I have always admired Patti Smith. Her creativity is boundless, by which I mean she does not allow anyone to put bounds on it. She observes life with words, music, film, poetry, images, and her observations let us – sometimes force us – to see life through fresh eyes.
But I can’t get on with her music. I’m never in the mood for it. I don’t know what mood that would be.
Then I read ‘Just Kids’, the memoir of her early years in 1950’s New York, and fell hard for her writing. Her every word conjures imagery with spellbinding deftness:
“It was the summer Coltrane died. The summer of 'Crystal Ships.' Flower children raised their empty arms and China exploded the H-bomb. Jimi Hendrix set his guitar in flames in Monterey. AM radio played 'Ode to Billie Joe.' There were riots in Newark, Milwaukee, and Detroit. It was the summer of Elvira Madigan, the summer of love. And in this shifting, inhospitable atmosphere, a chance encounter changed the course of my life. It was the summer I met Robert Mapplethorpe.”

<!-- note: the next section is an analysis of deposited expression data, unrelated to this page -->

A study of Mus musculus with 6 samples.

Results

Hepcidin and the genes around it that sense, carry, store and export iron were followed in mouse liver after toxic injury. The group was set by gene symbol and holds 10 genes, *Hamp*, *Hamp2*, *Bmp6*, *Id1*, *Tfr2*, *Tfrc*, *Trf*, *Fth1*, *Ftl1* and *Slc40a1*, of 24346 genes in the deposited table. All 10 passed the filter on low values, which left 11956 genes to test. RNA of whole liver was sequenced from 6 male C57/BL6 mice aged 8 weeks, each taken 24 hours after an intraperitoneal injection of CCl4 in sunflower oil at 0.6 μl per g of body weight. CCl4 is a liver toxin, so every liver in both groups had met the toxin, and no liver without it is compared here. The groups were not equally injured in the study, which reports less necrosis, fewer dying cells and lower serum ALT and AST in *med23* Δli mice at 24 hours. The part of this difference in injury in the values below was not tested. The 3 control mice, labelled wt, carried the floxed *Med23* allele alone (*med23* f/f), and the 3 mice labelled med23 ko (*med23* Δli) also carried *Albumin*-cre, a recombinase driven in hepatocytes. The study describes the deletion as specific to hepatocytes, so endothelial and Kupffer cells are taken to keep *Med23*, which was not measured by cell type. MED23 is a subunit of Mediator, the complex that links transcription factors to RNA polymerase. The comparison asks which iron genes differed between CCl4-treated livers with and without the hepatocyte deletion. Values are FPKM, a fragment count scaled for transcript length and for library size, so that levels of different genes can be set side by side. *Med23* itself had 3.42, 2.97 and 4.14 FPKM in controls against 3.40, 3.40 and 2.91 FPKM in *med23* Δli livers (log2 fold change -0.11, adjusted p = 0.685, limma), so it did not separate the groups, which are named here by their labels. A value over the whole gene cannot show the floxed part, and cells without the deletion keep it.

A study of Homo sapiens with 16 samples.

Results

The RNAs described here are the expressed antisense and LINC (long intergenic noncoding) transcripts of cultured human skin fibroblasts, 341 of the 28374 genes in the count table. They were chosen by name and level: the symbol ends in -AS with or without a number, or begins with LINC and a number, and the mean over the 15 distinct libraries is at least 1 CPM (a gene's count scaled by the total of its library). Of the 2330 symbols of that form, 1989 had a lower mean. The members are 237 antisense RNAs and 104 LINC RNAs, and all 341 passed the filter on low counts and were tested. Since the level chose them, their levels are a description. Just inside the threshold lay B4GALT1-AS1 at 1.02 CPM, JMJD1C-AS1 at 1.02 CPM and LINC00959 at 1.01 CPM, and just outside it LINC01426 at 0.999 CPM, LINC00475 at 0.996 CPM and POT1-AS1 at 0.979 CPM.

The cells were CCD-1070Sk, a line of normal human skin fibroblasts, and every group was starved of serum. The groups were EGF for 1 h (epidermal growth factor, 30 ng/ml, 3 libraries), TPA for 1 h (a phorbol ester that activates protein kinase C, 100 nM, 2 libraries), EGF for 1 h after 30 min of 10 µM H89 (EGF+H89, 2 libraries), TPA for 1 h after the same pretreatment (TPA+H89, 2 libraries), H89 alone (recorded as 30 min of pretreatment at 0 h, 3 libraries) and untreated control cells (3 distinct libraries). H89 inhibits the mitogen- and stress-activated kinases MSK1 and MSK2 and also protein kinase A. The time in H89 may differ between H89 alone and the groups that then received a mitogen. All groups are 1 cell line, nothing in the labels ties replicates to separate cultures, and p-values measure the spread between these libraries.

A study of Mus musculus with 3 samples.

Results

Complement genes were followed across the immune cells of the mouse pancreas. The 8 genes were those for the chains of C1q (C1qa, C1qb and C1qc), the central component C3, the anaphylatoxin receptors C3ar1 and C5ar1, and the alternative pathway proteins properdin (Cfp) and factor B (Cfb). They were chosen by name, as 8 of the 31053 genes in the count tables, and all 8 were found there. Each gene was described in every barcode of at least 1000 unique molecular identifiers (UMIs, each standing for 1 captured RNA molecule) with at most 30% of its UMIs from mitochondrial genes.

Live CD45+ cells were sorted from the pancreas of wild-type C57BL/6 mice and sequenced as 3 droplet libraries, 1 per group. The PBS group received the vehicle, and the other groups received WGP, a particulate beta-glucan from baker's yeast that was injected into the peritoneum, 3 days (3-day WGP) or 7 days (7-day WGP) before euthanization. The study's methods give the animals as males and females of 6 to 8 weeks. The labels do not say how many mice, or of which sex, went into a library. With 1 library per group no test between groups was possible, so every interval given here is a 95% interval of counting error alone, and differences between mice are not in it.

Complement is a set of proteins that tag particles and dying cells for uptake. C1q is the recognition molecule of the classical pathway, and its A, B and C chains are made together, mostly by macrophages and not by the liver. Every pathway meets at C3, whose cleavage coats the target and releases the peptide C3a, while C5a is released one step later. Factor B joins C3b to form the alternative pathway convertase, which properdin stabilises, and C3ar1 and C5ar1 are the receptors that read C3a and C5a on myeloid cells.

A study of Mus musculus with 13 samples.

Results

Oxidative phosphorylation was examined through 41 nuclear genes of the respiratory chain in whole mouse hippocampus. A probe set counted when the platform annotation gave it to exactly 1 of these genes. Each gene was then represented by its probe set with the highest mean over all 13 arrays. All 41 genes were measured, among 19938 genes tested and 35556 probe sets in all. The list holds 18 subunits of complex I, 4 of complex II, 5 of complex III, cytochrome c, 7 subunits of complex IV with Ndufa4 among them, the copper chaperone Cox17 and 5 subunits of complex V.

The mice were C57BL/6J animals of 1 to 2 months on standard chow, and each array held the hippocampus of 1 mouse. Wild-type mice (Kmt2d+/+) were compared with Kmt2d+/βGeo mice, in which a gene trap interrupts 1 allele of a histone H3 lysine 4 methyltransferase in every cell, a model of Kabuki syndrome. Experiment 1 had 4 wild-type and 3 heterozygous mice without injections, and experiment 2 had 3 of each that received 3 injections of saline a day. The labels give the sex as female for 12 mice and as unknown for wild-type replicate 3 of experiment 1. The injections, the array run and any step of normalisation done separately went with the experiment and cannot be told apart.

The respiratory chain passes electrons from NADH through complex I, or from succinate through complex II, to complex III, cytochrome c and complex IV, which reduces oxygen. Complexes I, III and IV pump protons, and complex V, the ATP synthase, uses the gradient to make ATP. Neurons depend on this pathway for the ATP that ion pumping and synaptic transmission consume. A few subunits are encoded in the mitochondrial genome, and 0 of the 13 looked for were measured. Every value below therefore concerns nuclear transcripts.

Words never fail her
Her concise brilliance with words is also evident in her songs. A recent study of 100 music ‘legends’ found Patti Smith had the highest vocabulary rate using 217 unique words per 1000. With Joni Mitchell in second place with 199. Though Bob Dylan has used the most unique words over his career – 12,285 and counting.
The reader is my notebook
Patti Smith now has a blog on substack. It delights me to be alongside her on this platform and having Patti’s words in my life every week has been a highlight of the year. Do check it out:
I’m possibly even coming round to the songs.
Yours Hopefully is an experiment in living hopefully. With music and musings, from a singer-songwriter-scientist. Why not subscribe and get a post every Sunday in your inbox?